Winter trip on Transsib
What’s worse, we perceive the world through stereotypes and they often guide us in our lives. It is only up to us whether we let them do that or dare to check for ourselves what the truth really is?
Long time ago I have discovered that plenty of things I had read about the East, which I had heard about Russia, which had been reported by media is are true, but these “truths” were too incomplete. In order to fight these stereotypes and to make my own opinions I venture futher and futher into the East. I want to experience and understand a bit more.
This year, I spent Christmas time on a journey from Moscow to Irkutsk on the famous Trans-Siberian Railway. After a few days on the train, I continued the travel by local means of transportation to Lake Baikal
Let’s try to face some stereotypes.
My journey began at the Yaroslavsky Railway Station in Moscow, where a train called Rossiya to Vladivostok starts its route. I took my seat in one of the four-person compartments with bunk beds with fresh and clean bedding, TV and air conditioners. Nothing too fancy, but neat and modern. Such travel conditions can be compared with Polish Inter City train. It was a big surprise because due to stereotypical imaginary of Russian trains I expected mess and relics of communist system. Of course, this place as a whole Russia is full of paradoxes – at one end of the wagon we find a brilliant gadget – a samovar with boiling water, which allow us to make some tea or just pour a cup of hot water at any time of the day or night, at the opposite end of the wagon there is the only one toilet.
Not a bathroom, not a shower.
A toilet with a tiny sink.
The whole travel from Moscow to Vladivostok takes 7 days.
Please, draw conclusions by yourself.
Why the hell nobody thought that dozens of people spending a few days on a train would like to wash something more than just their hands?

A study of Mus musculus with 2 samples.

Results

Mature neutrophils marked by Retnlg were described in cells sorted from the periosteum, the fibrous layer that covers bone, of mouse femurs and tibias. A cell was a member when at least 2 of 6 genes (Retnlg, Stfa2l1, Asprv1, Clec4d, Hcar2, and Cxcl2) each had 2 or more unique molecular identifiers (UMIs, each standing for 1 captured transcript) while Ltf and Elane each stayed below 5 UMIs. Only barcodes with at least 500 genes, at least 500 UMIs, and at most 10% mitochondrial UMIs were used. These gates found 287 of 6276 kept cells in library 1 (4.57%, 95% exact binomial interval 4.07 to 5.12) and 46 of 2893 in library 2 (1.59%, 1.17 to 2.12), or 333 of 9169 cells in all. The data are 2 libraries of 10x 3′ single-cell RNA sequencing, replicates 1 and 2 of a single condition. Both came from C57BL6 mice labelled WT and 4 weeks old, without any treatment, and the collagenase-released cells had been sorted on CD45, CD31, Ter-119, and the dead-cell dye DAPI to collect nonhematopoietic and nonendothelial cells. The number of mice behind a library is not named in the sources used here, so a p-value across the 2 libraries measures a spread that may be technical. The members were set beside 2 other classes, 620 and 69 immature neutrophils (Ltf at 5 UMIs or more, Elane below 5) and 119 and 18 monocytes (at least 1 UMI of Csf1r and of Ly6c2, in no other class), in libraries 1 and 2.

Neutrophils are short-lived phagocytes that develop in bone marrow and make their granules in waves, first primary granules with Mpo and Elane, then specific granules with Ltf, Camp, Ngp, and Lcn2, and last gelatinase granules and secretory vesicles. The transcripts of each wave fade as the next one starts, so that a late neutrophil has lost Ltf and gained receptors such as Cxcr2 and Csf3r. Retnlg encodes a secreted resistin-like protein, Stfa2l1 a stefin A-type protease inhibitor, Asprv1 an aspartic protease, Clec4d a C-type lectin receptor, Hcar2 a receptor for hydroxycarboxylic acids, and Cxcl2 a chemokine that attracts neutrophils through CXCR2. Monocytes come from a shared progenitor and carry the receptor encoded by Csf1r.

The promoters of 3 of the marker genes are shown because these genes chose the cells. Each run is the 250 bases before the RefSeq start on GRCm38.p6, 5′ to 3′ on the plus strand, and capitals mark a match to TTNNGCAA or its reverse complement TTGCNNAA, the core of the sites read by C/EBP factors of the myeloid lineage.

Probably you have heard that the Trans-Siberian Railway is cheap. Well, it is not! Traveling in a sleeping wagon on the route from Moscow to Irkutsk (on Christmas) is an costs about PLN 1200 per person (EUR 275). The journey takes 75 hours, that is three nights and more than three days. It is a long way, spanning nearly 6,000 km and four time zones. What’s interesting, a flight on the same route takes 5-6 hours and costs PLN 800 (EUR 180).
It is hard to understand Russian logic.
Of course, there is a very cheap option travel in an open wagon, so-called platzkarta. The problem is that along with reduction of costs, travel time increases. If you have a lot of free time, it may be an advantage, unfortunately if the time is limited you have to spend much more money.
I got on the train punctually at noon four days before New Year’s Eve and in my case every hour made a difference between drinking champagne over Baikal or in railway compartment.
Another stereotype is that only businessmen buy expensive tickets and my choice to do so was comfortable and banal. Well, no. On Transsib, just like in Poland on the Warsaw – Wroclaw or Katowice – Poznan routes, you can meet a full cross-section of society. An average Sasha from Novosibirsk, a soldier on a pass, a tradesman heading on a delegation or a family returning home from holidays. If we are ready to talk, break the ice and try to find out more about these people, the Trans-Siberian Railway is ideal place for that. Long conversations can be lead both on platzkarta and in a sleeping compartment at 2 AM.
And of course, everybody drinks, sips vodka from glasses and praises Putin. Truth? Well, no!
The most important equipment for each passenger is not a half a liter of alcohol, but a package of tea, kilogram of sugar (necessarily – in cubes) and an instant soup. Without set like this no one starts a journey. Maybe if one still have a place in a luggage, one can pack a bottle. And conversations over tea or vodka are about everything. People are different so they have different points of view. It is worth to confront our notions about the world with reality.